Power Up your Pull-ups Now!

In commercial gyms across the United States, such as in the branches of The Little Gym, the differences between pull-ups and chin-ups are becoming more obvious – and we are not just talking about the positioning of the palms either. Traditionally, chin-ups means the palms are facing in while pull-ups mean the palms are facing out.

But there’s a new way that personal trainers are looking at the differences between the two exercises. Chin-ups imply that the chin should go over the bar while pull-ups require pulling up higher until the chest touches the bar, regardless of whether the palms are facing in or facing out. Between the two, pull-ups are increasingly becoming the more popular form of building muscle mass and definition because of the greater effort involved.

Furthermore, there are two types of pull-ups that can be performed with each one having its pros and cons. First, kipping pull-ups use momentum to perform more repetitions, thus, their suitability for competitions. Second, dead-hang, chest-to-bar pull-ups are best suited for the development of a bigger, more muscular, and more powerful back; these are also known as the regular pull-ups.

We will discuss powering up your regular pull-ups. You can use the following techniques that will contribute to better and faster results.

Basics of the Pull-ups

In order to maximize the benefits of pull-ups, you must first know the basics.

  • Assume the dead hang position. Hang from a bar with your arms completely straight and your hands in a comfortable grip; your palms can be facing in or out depending on your preference.
  • Pull yourself up in a comfortable pace until your chest touches the bar while your elbows are behind your torso’s center. Be sure not to swing your torso in order to gain momentum.
  • Slowly lower yourself back to the starting position. Avoid relying on gravity while lowering your chest from its pull-up position – use your muscles since the huge muscle-building value in the pull-up’s negative portion should be optimized.

Aim for 20 regular pull-ups but you can also start with 10 until you can achieve the 20 pull-ups. You will observe that you are changing the game for your upper body strength until pull-ups and its variations become part of your muscle-building routine.

Tips for Adding Explosive Power

When you have mastered the basics, you should power it up especially as muscles must be kept in a constant state of confusion for maximum growth.

First, do more pull-ups. In bodybuilding as in life, practice leads to perfection. If you want to be great at performing pull-ups and getting benefits from the exercise, then you should perform as many of it as you possibly can.

Don’t be fooled into thinking that substitutes for pull-ups, such as lat pull-downs, will strengthen your pull-up capacity. This is not so since pull-ups are pull-ups.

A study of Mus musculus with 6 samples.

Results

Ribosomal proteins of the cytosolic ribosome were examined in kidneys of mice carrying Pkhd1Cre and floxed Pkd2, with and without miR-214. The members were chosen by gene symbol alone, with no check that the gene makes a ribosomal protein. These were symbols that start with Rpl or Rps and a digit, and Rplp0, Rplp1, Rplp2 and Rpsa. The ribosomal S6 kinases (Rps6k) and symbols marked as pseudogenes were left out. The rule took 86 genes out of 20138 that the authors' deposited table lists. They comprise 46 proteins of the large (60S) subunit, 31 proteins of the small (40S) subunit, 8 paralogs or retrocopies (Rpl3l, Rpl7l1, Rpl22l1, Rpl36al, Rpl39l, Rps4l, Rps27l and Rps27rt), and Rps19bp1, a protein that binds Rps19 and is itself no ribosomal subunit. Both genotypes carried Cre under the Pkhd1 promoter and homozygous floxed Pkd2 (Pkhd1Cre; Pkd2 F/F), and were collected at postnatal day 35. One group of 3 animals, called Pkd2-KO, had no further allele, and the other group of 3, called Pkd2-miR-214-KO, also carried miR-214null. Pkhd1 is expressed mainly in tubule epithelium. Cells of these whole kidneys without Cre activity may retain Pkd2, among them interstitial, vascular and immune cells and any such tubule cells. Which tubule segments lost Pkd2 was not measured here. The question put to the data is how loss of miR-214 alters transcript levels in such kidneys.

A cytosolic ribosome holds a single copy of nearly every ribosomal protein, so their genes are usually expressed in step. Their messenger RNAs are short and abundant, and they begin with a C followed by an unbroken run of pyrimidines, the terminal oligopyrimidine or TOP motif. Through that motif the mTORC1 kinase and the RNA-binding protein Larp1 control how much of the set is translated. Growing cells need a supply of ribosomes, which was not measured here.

Don’t be discouraged when you can only perform a single pull-up at a time. You can perform several pull-ups interspersed throughout your workout, such as one pull-up between your other exercises until you have inserted your target number.

Do aim for 25-50 pull-ups in a week. You can always perform pull-ups even when not in a gym, such as on a pull-up bar placed on a doorframe. You need not even count the number for as long as you can perform as many pull-ups as you can, whenever and wherever you can.

Second, own the negative aspect of the pull-up movement. You may be unable to perform a single regular pull-up but don’t be discouraged. You can initially focus your efforts on the negative aspect (i.e., lowering from the bar) of the movement.

Jump up to a pull-up bar. Hold it so that your chest is already at bar – or the positive aspect of the movement. Slowly lower yourself – count 4 to 5 seconds during the descent – and assume the dead hang position. Perform sets throughout your workout routine.

Soon, you will be able to perform the full pull-up movement.

Even when you are already doing pull-ups, you can take advantage of the muscle-building and strengthening potential of the negative portion. For example, you can take a longer time in returning to the dead hang position, which means your muscles work harder for longer periods.

Third, make your pulling muscles work harder by engaging in other exercises including the inverted row. This is because the muscle groups that work during an inverted row will also work during pull-ups, which means you will have more capacity to do the latter. Other exercises that can be considered are wide-grip deadlifts, bent-over barbell rows, and T-bar rows.

The bottom line: Why settle for chin-ups when you can have the benefits of pull-ups? And why just settle for pull-ups when you can power it up?

Settling for second best will result in a second best body where your actual muscle-building capacity is concerned. Push yourself to the limit and enjoy the rewards!